Suspects I.D.’d In Potomac Metro Homicide – More Details Emerge


MPD 1st District Commander Morgan Kane (center) addresses resident concerns regarding the homicide at Potomac Avenue Metro. At left is Metro Transit Police Captain Steven Boehm. At right is Robert Pittman, Chair, 1st District Citizens Advisory Council.

Residents gathered at Liberty Baptist Church for last night’s crime meeting.

Suspects ID’d  In Potomac Metro Homicide – More Details Emerge

By Larry Janezich

At last night’s community meeting on crime at Liberty Baptist Church, MPD First District Commander Morgan Kane distributed flyers on two suspects who are wanted in connection with the homicide last Sunday night at Potomac Avenue Metro Station.  Warrants have been issued for the two 18 year old teens – Xavier Culbreth is wanted for homicide and Jada Smith for armed robbery.  Anyone with information is asked to call MPD Homicide Branch at 202 645 9600 or text the tip line at 50411.  There is a reward for up to $25,000 for anyone that gives police information that leads to the arrest and conviction of the person/people responsible for the killing.

The victim, 40 year old Jamal Ferrell, died Sunday night as the result of stab wounds received on the down escalator at the Potomac Avenue Metro Station where he may have been attempting to flee his pursuers, not realizing that the station was closed.  The gate at the bottom of the escalator was locked, the last train having departed at 11:20pm. MPD and Metro Transit Police received a 911 call at 11:42pm.  Transit Police responded, and found Ferrell suffering from stab wounds.  He was transported to an area hospital and pronounced dead after life-saving efforts failed.  Once the case was declared a homicide, MPD took over the investigation.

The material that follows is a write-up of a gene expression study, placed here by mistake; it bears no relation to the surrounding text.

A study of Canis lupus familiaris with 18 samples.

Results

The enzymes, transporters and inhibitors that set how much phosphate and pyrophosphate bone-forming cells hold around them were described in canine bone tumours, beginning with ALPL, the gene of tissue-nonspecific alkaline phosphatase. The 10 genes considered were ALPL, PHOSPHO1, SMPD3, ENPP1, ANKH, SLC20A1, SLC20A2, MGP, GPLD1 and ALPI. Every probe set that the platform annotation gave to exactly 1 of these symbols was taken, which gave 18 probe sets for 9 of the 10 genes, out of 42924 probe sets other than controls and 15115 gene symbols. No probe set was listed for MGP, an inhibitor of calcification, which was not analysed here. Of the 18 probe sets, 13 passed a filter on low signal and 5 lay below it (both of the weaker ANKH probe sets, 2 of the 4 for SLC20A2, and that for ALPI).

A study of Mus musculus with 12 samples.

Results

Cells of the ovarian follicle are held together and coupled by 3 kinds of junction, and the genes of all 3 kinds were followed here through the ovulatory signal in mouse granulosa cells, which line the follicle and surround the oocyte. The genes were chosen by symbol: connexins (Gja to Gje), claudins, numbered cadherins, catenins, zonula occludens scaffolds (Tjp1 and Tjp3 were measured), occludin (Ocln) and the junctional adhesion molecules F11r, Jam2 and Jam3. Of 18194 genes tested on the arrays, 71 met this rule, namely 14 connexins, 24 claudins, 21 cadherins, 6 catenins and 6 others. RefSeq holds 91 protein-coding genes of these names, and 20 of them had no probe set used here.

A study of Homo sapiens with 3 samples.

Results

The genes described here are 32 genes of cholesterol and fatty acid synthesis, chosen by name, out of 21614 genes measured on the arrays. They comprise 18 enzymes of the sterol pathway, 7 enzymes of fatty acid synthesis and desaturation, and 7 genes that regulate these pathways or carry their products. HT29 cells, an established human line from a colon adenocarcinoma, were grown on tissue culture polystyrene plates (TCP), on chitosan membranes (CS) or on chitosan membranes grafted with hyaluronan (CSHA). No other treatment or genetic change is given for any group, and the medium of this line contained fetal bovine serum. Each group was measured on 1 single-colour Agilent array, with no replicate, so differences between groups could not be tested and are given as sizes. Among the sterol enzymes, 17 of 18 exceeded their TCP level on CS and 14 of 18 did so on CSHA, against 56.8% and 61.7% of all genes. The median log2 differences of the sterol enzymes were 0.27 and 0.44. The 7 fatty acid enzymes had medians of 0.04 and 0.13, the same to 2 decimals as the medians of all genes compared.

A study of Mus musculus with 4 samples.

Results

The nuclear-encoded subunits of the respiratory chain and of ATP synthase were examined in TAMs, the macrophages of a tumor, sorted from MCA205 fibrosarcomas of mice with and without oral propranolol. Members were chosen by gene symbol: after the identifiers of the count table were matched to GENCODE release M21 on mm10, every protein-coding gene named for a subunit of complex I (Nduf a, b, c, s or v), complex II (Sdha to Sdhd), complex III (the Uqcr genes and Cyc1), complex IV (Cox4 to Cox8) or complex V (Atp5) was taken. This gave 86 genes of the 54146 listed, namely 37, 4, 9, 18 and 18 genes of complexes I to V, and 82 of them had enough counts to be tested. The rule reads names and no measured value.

Kane told some 30 Hill East residents that the killing “rattled you, and it rattled us.”  She said it was not clear why the victim was running down into a locked Metro station and that police had information that there may have been an attempted robbery – MPD has video and witnesses.

The victim did not have a local address, and Kane said that there’s nothing to suggest that the assailants knew the victim.  She said she could not discuss information about the weapon.  Detectives are investigating a motive for the crime.

One attendee said she had heard screaming on Sunday night, but had not called 911, assuming it was kids.  Kane told her she should not “beat yourself up over what you could have or should have done.”

That exchange opened up a discussion exposing the tension that exists between residents concerned about over-policing and residents who follow police advice to call 911 when they see something suspicions.  One attendee said that the danger is that some people are criminalized more than others – children have been victimized – and “we need to carefully consider what the threshold is for calling 911.”

Another said that residents are told to call 911 and turn over our concerns to the police – “I want to think it’s okay to leave here knowing it’s okay to be wrong and to trust the MPD.”  A resident on the other side responded, “I disagree wholeheartedly.”

Kane said that “We have to respond when we get a call.  We always try to do it in the most compassionate way. Sometimes we get it right – sometimes we get it wrong.”  She said, “Call us and let us figure out what’s going on.”

She said she is anxious to have an eye-to-eye discussion on issues regarding the potential for over-policing, and that she is anxious to find a community partner to identify groups to participate.